All I Want for Christmas is a Big Tax Refund

The end of year is coming and if you are like me now is the time to hit the mall and the stores in downtown Kelowna to buy Christmas gifts. 

Wouldn't it be nice to wake up on Christmas morning and find a nice gift from the Canadian Revenue Agency, like a nice big tax refund?

This week Gary Schlenker from Grant Thornton Chartered Accountants forwarded on a few ideas on how maximize your tax savings this tax year, and I thought I would share them.

Tax Tips for individuals:

1. Maximize your Registered Retirement Savings Plan (RRSP) contribution: There are many good reasons for contributing to a RRSP.

First, your contribution is tax deductible – and the higher your marginal tax rate, the greater your savings.

Second, the income generated by the plan is taxed only upon withdrawal from the plan (usually when you’re retired and possibly in a lower tax bracket).  That means you can build up significant earnings inside your plan on a pre-tax basis.

Thirdly, all or a portion of your annual eligible contributions may be contributed to a plan set up for your spouse or common-law partner. When funds are withdrawn from the spousal RRSP, they are taxed in your spouse’s or common-law partner’s hands at his or her lower tax rate.  

Fourthly, if you are a first time homebuyer you can withdrawal up to $25,000 from you RRSP for qualifying home purchase.  Finally, you can withdrawal up to $20,000 to assist in financing full-time training or education for you or your spouse or common-law partner.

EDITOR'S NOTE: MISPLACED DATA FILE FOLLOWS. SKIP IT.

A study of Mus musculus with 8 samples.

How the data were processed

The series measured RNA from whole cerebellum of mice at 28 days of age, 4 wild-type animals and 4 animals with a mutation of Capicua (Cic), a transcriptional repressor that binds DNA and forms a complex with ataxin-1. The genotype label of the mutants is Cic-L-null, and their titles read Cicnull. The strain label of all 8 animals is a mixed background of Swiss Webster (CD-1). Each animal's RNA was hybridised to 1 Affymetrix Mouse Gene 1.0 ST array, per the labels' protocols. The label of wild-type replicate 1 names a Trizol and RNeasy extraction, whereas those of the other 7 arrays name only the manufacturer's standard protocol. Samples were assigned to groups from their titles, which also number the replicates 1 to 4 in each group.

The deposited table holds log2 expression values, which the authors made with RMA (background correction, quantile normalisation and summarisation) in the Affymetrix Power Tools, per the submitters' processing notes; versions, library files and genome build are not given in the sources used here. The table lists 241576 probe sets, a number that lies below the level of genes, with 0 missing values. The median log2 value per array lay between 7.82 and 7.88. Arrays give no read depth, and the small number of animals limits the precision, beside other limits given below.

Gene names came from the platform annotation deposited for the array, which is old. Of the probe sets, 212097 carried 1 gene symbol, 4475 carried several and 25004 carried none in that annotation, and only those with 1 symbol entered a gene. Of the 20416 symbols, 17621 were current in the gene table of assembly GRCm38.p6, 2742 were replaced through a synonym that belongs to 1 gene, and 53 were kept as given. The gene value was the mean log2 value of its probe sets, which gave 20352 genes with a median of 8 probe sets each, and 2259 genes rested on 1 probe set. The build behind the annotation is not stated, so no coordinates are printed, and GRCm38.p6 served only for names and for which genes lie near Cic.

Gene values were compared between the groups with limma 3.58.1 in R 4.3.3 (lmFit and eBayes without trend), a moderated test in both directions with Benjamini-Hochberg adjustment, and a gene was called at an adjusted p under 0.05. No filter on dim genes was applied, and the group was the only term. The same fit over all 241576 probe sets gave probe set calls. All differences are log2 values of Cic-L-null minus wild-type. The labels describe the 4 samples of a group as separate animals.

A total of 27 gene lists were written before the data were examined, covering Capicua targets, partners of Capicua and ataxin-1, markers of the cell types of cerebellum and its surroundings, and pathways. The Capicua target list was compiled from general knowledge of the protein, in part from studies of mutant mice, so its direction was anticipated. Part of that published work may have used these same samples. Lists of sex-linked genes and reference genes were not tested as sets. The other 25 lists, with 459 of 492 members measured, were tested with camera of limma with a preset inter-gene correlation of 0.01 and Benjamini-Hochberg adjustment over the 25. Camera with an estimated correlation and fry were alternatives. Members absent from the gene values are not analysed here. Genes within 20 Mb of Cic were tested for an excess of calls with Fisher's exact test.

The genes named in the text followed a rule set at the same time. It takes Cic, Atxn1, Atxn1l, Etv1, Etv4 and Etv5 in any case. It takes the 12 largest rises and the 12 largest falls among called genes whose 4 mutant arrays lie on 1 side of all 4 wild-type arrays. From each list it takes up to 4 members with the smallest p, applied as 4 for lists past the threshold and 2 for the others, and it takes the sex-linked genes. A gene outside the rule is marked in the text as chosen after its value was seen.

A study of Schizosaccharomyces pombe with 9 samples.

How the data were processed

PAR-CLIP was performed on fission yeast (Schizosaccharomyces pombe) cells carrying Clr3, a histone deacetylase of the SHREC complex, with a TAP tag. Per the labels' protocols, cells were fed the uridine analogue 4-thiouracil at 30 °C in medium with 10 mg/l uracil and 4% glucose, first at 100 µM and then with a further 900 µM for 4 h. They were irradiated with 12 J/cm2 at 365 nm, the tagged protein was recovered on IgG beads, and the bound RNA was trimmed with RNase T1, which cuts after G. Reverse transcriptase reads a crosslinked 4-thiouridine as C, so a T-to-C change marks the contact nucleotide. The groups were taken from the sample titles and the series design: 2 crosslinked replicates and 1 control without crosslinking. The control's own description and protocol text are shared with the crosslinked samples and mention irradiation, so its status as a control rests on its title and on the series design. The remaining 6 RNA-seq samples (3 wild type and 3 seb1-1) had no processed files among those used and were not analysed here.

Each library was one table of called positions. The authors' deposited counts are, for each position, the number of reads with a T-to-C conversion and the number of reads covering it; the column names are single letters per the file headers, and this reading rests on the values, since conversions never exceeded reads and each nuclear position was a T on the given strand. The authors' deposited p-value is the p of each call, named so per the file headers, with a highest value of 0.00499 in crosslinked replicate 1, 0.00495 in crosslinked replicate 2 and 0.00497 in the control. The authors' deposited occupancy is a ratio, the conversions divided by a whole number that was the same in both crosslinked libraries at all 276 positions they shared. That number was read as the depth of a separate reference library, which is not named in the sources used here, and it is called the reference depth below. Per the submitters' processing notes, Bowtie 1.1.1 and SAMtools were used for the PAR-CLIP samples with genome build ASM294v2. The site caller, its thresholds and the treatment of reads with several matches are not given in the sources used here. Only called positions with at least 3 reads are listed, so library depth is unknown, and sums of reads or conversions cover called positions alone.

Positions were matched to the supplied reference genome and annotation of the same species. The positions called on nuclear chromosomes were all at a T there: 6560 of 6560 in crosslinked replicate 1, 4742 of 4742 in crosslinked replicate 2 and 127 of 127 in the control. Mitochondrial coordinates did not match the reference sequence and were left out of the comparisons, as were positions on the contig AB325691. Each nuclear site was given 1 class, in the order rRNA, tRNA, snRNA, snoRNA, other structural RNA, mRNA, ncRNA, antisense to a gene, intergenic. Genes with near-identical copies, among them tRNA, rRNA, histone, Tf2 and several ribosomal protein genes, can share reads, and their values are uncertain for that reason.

2. Contribute to a Tax-free savings account (TFSA): As of 2009, very Canadian resident individual who is 18 years of age or older can contribute up to $5,000 a year to a TFSA.

Unlike a RRSP, you will not obtain a deduction for contributions to a TSFA in calculating income for tax purposes.

However, you will not include in income for tax purposes any income, losses or gains from investments held within a TFSA, or amounts withdrawn from it.

The amounts withdrawn from a TFSA will also not be included in determining your eligibility for income-tested benefits or credits, such as the medical or age credit or the Old Age Security claw back.

If you do not contribute to a TFSA in one year, the amount can be carried forward indefinitely to future years.

For more tax tips, visit our website at or contact Gary Schlenker at our Kelowna office at the addresses below.

Grant Thornton
Telephone: 250-712-6892

If you are looking for more ideas on some last minutes tax ideas for your business go directly to CRA website check here.

Thanks again to Gary for the tax info and if you have any questions make sure to give him a call. 

All the best in your financial life in 2011!